Easily foraged foods to dry for winter stores
Drying is an ancient food-waste-busting technique, dating back to a time before agriculture. Imagine...
Somewhere in the mists of human history, a group of hunter-gatherers have an especially lucky day and end up with far more fresh food than they can handle. After several days of feasting under a hot sun, our friends start to wonder when this meal will spoil.
But no. Day after day, as the leftovers sit in the dry heat, the taste grows ever sweeter. What’s more, the hunter-gatherers find that the dehydrated food can be carried for days without spoiling. The accidental invention of the world’s first ready-meals!
We may not spend our days chasing down herds of woolly mammoths or navigating land bridges to the Americas, but us modern day humans can still spin out autumn’s glut of wild food by drying it at home. Tried and tested for over 14,000 years!
Drying foods for storage: tried and tested by humans for over 14,000 years!
As with any foraging, tread carefully, always be absolutely certain of what you’re picking and leave plenty behind for other folks and wildlife.
Is drying foods using our ovens eco-friendly?
All these drying techniques involve running the oven for several hours at a very low heat. We totally understand that this causes concern for those of us who are trying to keep energy usage to a minimum.
We weighed up the pros and cons when researching this post and, on balance, we’d say that drying foods in your oven at a very gentle 60°C is, energy-wise, no worse than putting the central heating on for the same amount of time. Also, drying your own foraged foods has extra efficiency gains since it cuts out all the associated emissions and waste of commercial food production, packaging and transport.
If you haven’t been out blackberry picking yet this year, now’s your last chance to grab a share of this brambly bounty. Blackberries that aren’t immediately scoffed or set aside for puddings and preserves can be dried in a conventional oven.
>> Give the fruit a wash, removing any dirt, debris and stems.
>> Set the oven to 60°C.
>> Put the blackberries into a large pan and pour over enough boiling water to cover them. Leave the fruit in the water for just 30 seconds, enough time for the waxy skin to crack.
>> Drain and spread out the blackberries in a single layer onto a baking tray. Try to make sure there’s space around each berry, using two or more trays if you don’t have enough drying room.
>> Put the trays into the oven, leaving the door open a crack to allow the water from the berries to escape.
>> After four hours, test by squeezing one of the berries. If the berry shatters into a powder, they’re ready! If there’s still some ‘give’ in the fruit, leave the berries in the oven for another couple of hours.
>> Leave the blackberries to cool and finish the drying process overnight.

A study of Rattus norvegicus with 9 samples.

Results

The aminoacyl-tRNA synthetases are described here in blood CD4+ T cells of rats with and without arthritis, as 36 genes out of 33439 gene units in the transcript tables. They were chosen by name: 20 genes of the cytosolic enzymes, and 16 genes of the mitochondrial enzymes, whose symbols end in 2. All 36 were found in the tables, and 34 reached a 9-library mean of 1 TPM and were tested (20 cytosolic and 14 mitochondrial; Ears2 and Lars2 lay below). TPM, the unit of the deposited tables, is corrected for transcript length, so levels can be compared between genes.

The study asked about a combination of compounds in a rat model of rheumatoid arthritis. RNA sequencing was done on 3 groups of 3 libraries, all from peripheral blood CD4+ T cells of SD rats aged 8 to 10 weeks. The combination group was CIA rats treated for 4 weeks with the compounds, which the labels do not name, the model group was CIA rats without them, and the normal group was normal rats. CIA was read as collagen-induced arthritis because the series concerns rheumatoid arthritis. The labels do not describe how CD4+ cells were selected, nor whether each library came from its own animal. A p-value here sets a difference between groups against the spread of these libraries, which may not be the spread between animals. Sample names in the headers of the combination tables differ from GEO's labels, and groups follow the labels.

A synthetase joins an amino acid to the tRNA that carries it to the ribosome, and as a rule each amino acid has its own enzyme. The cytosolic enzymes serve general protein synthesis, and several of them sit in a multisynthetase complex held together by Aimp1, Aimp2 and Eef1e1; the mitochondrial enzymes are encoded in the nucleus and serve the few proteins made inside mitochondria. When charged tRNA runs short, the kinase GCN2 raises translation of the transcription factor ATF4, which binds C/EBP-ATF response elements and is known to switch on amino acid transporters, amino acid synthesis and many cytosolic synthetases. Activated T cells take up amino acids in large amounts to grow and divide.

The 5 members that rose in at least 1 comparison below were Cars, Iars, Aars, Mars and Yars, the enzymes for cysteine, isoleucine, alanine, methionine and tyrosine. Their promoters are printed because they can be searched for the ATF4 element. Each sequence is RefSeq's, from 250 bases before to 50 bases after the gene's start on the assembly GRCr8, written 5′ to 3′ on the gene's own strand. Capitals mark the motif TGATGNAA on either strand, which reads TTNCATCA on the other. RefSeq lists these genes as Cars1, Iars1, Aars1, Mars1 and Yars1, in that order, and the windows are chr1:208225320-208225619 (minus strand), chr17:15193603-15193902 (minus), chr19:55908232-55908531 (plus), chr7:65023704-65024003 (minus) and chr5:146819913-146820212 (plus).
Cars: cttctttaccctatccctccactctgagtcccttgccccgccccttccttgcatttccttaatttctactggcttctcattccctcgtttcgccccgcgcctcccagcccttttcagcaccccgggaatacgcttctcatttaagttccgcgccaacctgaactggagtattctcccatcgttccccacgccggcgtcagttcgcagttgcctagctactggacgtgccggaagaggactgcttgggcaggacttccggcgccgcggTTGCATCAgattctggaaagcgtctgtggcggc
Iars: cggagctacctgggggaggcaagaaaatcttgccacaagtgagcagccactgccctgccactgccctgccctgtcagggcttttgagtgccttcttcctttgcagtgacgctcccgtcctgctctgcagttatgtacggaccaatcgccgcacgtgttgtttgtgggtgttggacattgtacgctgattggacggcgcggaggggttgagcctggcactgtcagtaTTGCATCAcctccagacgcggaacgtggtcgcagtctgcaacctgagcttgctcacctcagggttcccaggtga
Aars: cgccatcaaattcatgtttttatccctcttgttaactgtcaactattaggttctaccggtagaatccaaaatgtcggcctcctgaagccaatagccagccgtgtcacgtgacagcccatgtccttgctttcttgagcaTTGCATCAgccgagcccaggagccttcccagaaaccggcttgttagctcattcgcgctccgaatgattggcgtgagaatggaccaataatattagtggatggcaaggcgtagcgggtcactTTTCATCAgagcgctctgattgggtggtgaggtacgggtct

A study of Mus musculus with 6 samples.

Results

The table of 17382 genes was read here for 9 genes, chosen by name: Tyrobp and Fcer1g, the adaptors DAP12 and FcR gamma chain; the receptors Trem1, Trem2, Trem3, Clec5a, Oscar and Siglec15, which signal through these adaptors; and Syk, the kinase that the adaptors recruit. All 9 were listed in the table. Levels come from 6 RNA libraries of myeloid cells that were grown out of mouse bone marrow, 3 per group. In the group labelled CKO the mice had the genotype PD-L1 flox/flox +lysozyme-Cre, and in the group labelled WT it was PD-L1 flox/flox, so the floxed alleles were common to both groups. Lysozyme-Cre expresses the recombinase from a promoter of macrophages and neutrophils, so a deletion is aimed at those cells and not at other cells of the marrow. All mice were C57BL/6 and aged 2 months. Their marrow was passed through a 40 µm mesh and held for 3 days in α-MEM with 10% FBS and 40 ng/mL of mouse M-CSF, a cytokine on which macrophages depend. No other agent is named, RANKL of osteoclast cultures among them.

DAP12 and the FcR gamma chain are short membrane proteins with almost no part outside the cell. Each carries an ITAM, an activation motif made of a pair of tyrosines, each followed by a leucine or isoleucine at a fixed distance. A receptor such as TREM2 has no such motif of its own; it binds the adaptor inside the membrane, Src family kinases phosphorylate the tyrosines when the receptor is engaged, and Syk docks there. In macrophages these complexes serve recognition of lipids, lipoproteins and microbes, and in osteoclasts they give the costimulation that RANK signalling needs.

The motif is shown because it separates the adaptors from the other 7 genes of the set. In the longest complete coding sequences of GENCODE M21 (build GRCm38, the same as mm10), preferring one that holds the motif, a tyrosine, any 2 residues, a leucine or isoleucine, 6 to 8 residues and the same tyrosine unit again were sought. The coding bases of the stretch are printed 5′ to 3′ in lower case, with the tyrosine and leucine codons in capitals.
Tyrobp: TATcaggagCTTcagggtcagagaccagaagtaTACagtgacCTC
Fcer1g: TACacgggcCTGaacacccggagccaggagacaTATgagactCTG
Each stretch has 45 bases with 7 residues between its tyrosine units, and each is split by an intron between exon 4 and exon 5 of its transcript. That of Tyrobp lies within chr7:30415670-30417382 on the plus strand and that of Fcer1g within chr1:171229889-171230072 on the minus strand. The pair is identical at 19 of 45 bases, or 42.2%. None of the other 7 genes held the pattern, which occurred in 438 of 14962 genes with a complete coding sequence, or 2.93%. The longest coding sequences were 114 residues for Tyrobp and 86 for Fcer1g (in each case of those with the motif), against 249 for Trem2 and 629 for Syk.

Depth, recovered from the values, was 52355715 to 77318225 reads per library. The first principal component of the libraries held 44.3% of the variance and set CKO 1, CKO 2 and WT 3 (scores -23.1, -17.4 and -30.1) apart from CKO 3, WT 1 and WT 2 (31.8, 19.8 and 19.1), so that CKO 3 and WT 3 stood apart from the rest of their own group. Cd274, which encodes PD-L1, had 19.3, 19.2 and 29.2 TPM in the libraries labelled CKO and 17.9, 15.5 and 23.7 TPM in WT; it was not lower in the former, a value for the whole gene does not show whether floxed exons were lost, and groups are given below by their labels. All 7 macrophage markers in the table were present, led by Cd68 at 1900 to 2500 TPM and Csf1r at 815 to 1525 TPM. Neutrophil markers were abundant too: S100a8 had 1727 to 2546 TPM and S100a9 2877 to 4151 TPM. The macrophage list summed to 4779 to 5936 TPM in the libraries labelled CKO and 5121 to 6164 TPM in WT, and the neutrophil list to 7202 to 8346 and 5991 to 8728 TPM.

>> The dried blackberries can be stored whole for sprinkling over porridge or cereal, or crushed up into a vitamin-rich powder for smoothies. In an air-tight container at room temperature, they’ll last for up to six months.
Once the berries are dry enough to shatter into a powder, they’re ready
Dried rose hips
When you go on the hunt for blackberries, don’t ignore the bright-red, rock-hard rose hips in the hedgerows. Naturally rich in vitamin C, the fruit of the rose bush is utterly delicious dried and made into tea.
Look for hips that are firm and colourful. Leave any soft or dark-spotted ones for the birds.
>> Rinse the rose hips in water and dry on a clean tea towel.
>> Set the oven to 60°C.
>> Smaller hips can simply be topped and tailed at this point. Larger hips should be cut in half and the seeds scraped out, otherwise your hips will take forever to dry.
>> Lay your hips onto baking trays, spacing them out so there’s room for air to circulate.
>> Put the trays into the oven. Prop the door open about two inches to allow the water from the rose hips to escape.
>> After three to four hours, the hips should be bone dry. Allow to cool, then put the dried hips into a paper bag. Leave this in a dry place for a week to continue the dehydration process.
>> IMPORTANT: Rose hips should never be eaten whole as they contain fine hairs that can cause irritation. To finish preparing your tea, chop the hips into small pieces then sieve them to allow the hairs to drop away.
>> Stored in an air-tight container or tea caddy, your rose hip tea will last for up to a year.
>> Brew in a teapot, one teaspoon per cup, and leave to infuse for around five minutes.
Rose hips should never be eaten whole as they contain fine hairs that can cause irritation
More free foods to collect for winter dry stores
>> Scrumped apples can be dried into handy snack slices.